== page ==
Rio Ferdinand admits he was ready to turn to a television career and retire from football before Harry Redknapp offered to bring him to QPR this summer.
Ferdinand, who turns 36 in November, was allowed to leave Manchester United at the end of last season after 12 successful years at Old Trafford.
The defender was a free agent while he worked as a television pundit at the World Cup in Brazil and although several offers came from England and abroad, he was preparing to hang up his boots before Rangers came in.
“If I had not come back to a team in London, I probably would have retired,” Ferdinand said.
“I would have done TV, maybe coaching. I enjoyed the TV work in the summer so I would have done more of that.”
He continued: “My representatives spoke to a few teams out in America, the Middle East and Europe as well but the main thing was getting back to London and when Harry gave me the call, all bets were off.”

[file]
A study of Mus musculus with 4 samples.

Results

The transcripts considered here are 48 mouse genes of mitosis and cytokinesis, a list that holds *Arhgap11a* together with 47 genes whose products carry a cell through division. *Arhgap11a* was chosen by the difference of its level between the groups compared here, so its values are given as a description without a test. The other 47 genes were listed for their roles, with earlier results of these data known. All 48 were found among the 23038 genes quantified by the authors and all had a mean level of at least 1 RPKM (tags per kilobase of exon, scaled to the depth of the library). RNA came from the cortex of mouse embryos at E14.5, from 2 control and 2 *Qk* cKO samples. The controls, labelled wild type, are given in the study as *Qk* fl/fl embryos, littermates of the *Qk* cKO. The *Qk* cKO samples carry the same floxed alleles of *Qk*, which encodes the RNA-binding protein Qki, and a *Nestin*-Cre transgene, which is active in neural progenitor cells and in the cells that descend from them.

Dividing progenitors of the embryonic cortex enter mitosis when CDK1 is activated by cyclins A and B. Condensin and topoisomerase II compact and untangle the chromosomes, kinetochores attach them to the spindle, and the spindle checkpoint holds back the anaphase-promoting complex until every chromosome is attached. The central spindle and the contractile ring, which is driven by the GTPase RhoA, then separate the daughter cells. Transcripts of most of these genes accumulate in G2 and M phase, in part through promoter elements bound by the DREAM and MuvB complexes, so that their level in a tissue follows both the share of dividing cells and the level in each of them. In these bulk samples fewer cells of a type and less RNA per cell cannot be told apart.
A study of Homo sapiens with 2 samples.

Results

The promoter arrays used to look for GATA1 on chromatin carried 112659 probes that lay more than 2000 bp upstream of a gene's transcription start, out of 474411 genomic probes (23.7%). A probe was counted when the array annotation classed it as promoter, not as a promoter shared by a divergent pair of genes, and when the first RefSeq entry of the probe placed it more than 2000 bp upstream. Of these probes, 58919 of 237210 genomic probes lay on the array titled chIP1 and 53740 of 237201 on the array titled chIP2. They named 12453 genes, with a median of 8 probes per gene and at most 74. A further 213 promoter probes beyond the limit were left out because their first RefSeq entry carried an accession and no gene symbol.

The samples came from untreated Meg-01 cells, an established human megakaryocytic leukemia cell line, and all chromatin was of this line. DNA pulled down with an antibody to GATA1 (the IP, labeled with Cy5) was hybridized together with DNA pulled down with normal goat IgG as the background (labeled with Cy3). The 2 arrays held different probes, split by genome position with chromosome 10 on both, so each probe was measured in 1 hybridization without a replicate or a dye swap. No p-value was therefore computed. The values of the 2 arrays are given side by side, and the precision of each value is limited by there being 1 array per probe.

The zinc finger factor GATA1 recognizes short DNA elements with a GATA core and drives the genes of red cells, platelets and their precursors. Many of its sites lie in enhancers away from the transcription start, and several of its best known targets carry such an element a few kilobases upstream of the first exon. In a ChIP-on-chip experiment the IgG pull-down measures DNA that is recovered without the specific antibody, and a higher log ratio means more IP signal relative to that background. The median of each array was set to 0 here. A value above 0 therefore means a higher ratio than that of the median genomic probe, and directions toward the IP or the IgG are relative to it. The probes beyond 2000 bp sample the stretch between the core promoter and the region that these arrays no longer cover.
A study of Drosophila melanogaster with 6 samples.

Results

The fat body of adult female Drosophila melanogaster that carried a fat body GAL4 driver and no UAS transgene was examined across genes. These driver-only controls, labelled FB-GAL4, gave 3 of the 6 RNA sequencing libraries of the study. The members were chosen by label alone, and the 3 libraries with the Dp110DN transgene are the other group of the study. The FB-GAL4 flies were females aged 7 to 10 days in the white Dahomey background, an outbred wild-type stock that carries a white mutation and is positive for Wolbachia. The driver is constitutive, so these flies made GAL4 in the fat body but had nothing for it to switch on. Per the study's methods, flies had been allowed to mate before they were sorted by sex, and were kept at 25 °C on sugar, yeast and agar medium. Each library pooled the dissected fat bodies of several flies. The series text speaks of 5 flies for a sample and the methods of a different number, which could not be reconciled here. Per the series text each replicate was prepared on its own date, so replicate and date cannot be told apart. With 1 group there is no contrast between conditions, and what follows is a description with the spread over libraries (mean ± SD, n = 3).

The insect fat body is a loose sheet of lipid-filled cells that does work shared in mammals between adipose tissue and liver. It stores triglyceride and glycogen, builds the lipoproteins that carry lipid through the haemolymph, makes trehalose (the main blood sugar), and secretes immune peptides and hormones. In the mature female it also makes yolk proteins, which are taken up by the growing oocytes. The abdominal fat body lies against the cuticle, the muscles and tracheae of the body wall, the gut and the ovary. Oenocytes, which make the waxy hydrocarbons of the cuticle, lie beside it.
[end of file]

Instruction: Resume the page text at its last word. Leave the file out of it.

Ferdinand is reported to have taken a significant wage cut to join Redknapp's side and the 35-year-old insists he has a special affection for QPR, having played at the club as a boy.
“I could have earned a lot more money elsewhere but the money has never been an issue for me,” Ferdinand said.
“People sometimes forget that when you are a kid, you play football because you love playing football.
“This was not about money, it was about playing in a competitive league, in London, for a team I have an affinity with from years ago. This was the first club I ever went to as a kid.”
Ferdinand left Rangers as a teenager for West Ham.
Redknapp took over as manager at Upton Park not long after and he handed Ferdinand his first-team debut in May 1996, bringing the centre half on as a substitute in a 1-1 draw with Sheffield Wednesday.
“Any player will tell you, if a manager gives you your first chance in football, they will always hold a place in your heart,” Ferdinand said.
“Harry was always supporting me, singing my praises, telling me off when I needed to be told off.”